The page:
Mr Sandy Davidson.
Mr Sandy Davidson.

A 91 year old war hero has shared the story of his remarkable escape after his ship was torpedoed by a Japanese submarine at an event highlighting a Scottish charity’s work supporting sight-loss veterans.

Arbroath man Sandy Davidson told how he spent 19 days at sea in shark-infested waters as the Provost of Angus dropped in to hear first-hand how a Scottish charity helps veterans’ with sight loss.

The local group gather each month for a lunch organised by the charity Scottish War Blinded, which delivers regular social opportunities for veterans to come together and share experiences, as well as  providing specialist equipment and technology to support independent living.

The Larchbank which was sunk by the Japanese

Mr Proctor said: “I was delighted to meet the veterans and hear more about the excellent work carried out by Scottish War Blinded.

“It was also extremely interesting to understand the specifics of what they do for individuals such as Mr Davidson – and of course to hear about his experiences in WWII.

“As Veterans Champion, I know just what a crucial role organisations such as Scottish War Blinded play, and I would commend them on their excellent work, as regular contact with experienced and supportive outreach officers are invaluable in helping individuals adapt to sight loss.

Mr Sandy Davidson

Established in 1915, the charity initially supported soldiers returning from World War I, after many faced a life of permanent blindness from injuries sustained from the use of chemical weapons.

Today, the majority of veterans supported by the charity have lost their sight long after their service, often due to age related causes such as macular degeneration, and the charity welcomes inquiries as they continue to expand the numbers benefiting from the support they provide.

Mr Davidson and his son Neil at the spot where the crew landed after 19 days at sea.

Support is tailored to each individual to help them live as independently as possible, with help and activities including kitchen skills, information technology, fitness and gardening.

Mark O’Donnell, Chief Executive of Royal Blind and Scottish War Blinded “With the number of people living with sight loss in Scotland expected to double by 2050 in line with population ageing, the outreach service provides a vital lifeline for veterans with sight loss, such as Sandy.

“For all of us at Scottish War Blinded, it is a privilege to hear the experiences of veterans who have served their country.

“We provide tailored support – such as social opportunities, and equipment to regain independence after sight loss, and I would encourage any veteran who is experiencing issues with sight loss, or anyone who cares for a veteran, to get in contact on 0800 035 6409 to find out how we can assist.”

An amazing escape

Sandy Davidson set off for his first voyage as an apprentice sailor for the Merchant Navy from Glasgow to New York in June 1943 when he was just 17 years old.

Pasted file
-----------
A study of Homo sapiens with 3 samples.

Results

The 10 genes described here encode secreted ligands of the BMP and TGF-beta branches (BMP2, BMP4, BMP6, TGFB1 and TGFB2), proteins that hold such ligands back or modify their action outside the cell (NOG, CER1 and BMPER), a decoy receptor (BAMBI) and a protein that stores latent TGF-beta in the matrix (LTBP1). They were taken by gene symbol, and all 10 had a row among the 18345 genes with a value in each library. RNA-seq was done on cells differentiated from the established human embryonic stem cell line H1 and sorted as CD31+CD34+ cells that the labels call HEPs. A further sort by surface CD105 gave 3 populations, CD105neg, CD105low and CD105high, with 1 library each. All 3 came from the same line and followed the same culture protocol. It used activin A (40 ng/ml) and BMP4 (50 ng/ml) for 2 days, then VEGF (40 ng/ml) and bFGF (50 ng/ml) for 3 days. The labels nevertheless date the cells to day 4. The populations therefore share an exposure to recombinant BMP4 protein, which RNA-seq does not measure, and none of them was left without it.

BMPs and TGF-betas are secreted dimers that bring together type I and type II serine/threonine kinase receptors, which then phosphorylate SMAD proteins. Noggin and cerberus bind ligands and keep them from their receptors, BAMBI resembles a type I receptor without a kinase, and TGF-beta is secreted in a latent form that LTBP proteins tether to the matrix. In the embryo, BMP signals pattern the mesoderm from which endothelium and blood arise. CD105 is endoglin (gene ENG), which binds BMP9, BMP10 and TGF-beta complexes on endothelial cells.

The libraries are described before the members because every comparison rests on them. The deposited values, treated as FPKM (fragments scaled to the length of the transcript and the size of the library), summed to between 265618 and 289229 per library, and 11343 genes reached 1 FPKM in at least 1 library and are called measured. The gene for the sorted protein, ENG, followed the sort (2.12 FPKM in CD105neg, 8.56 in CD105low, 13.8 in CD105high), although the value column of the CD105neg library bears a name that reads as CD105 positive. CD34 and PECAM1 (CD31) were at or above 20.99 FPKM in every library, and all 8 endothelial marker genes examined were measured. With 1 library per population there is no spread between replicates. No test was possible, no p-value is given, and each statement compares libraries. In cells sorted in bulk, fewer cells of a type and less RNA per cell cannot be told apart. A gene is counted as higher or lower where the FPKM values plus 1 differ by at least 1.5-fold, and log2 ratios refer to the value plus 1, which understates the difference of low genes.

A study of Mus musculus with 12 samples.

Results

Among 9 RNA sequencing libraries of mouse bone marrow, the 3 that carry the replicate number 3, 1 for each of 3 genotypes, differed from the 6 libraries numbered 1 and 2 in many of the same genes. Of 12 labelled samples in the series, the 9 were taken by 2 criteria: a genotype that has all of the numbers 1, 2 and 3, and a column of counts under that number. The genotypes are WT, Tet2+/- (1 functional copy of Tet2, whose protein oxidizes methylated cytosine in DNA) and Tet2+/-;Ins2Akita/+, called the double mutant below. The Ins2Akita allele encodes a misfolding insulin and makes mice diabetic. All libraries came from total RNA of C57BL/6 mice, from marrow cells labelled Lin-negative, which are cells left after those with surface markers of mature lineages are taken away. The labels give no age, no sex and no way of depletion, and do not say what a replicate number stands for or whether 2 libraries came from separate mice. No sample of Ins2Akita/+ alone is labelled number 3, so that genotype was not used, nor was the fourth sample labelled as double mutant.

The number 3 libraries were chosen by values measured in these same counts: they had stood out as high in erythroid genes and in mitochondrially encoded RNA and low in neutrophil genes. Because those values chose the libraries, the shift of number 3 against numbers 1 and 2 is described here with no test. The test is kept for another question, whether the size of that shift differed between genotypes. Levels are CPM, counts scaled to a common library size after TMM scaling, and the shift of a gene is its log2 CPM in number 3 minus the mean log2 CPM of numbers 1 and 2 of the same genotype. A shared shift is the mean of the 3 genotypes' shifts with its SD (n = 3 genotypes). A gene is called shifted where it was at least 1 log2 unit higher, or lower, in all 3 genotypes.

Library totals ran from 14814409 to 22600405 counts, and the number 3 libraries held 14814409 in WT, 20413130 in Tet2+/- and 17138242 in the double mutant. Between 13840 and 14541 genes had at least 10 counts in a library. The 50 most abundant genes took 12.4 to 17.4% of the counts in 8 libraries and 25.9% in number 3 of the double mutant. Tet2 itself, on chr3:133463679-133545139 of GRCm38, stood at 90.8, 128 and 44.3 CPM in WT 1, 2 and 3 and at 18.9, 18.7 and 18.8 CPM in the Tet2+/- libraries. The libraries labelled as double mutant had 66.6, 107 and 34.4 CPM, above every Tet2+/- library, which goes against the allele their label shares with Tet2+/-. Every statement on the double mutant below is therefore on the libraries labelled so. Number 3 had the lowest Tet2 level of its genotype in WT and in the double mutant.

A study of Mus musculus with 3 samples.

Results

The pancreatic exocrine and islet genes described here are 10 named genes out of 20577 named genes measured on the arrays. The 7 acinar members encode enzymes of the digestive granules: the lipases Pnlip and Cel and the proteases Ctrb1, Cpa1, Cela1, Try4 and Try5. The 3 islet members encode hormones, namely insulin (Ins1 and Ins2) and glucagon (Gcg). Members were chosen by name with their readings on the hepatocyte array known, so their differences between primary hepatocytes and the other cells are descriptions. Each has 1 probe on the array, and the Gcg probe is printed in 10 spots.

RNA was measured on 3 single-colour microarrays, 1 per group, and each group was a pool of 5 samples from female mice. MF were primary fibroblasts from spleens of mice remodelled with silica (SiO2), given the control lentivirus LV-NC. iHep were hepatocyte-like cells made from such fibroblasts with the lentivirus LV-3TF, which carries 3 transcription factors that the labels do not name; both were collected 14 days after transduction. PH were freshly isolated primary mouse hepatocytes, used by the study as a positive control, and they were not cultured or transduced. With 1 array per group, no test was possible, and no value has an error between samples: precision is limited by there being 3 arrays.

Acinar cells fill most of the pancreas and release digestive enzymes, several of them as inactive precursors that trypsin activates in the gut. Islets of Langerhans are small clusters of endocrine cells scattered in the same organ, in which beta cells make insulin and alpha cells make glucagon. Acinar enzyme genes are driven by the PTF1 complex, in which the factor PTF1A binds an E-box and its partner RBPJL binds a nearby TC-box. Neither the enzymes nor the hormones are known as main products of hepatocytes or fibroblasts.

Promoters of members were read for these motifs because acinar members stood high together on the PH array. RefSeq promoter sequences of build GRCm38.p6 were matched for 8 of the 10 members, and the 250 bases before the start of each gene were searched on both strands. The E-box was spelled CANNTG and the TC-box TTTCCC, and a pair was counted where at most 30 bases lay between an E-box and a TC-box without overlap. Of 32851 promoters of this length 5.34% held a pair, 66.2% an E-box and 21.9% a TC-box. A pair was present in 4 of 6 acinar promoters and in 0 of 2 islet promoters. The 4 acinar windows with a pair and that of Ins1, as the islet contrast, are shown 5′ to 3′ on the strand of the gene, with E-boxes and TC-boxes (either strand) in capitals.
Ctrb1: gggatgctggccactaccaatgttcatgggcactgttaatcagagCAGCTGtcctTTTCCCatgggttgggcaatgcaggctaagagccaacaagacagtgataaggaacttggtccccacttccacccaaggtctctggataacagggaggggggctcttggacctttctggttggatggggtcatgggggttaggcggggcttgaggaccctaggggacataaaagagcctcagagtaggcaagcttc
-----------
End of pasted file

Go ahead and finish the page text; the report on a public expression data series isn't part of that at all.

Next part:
The ship, the Larchbank, was loaded with two motor torpedo boats in New York for delivery to Calcutta, and travelled in convoy, zig-zagging to confuse enemy submarines.

However, their luck ran out on September 9 1943, when the Larchbank was hit by one of two torpedoes launched by Japanese submarine I.27.

With no time to send a radio signal, the ship sank quickly, taking one of the precious lifeboats with it, and Mr Davidson found himself in the sea.

With the prospect of a shark attack at any moment, and with the danger of being machine gunned by the Japanese submarine, Sandy was hauled aboard one of the lifeboats.

With nothing but a compass, and limited supplies of food and water, they made for Sri Lanka, although they hoped to be picked up by a ship.

Sharks stalked the boat for 11 days, while the wind from the monsoon in the south west allowed the men to sail an average of just 24 miles per day.

After nearly two weeks at sea, the crew believed a submarine was surfacing near the lifeboat.

“We ripped off our insignia as we knew we could be shot if it was an enemy vessel,” said Sandy. “But it was just a huge whale surfacing near the boat.”

The men were down to their last day of food and water when they finally spotted land on the horizon, on September 28, 1943.

After 19 days at sea, they grounded on a beach at Sri Lanka.

The crew, by now extremely weak, crawled ashore on their hands and knees, where local people gave them food and water, collecting coconuts so they could drink the milk from them.

Mr Davidson continued: “As the day wore on they obviously decided something should be done about us so with an islander under each arm we set off.

“We went through jungle and across the railways lines and ended up in a police station.”

Of the 69 crew members, just 23 of them had survived.

After returning to the UK Sandy continued his career in the Merchant Navy, reaching the rank of Captain before he retired in 1986.

In 2013, exactly 70 years after he first landed on the beach, Sandy made an emotional return to Sri Lanka with his son Neil, revisiting the spot where he first made land.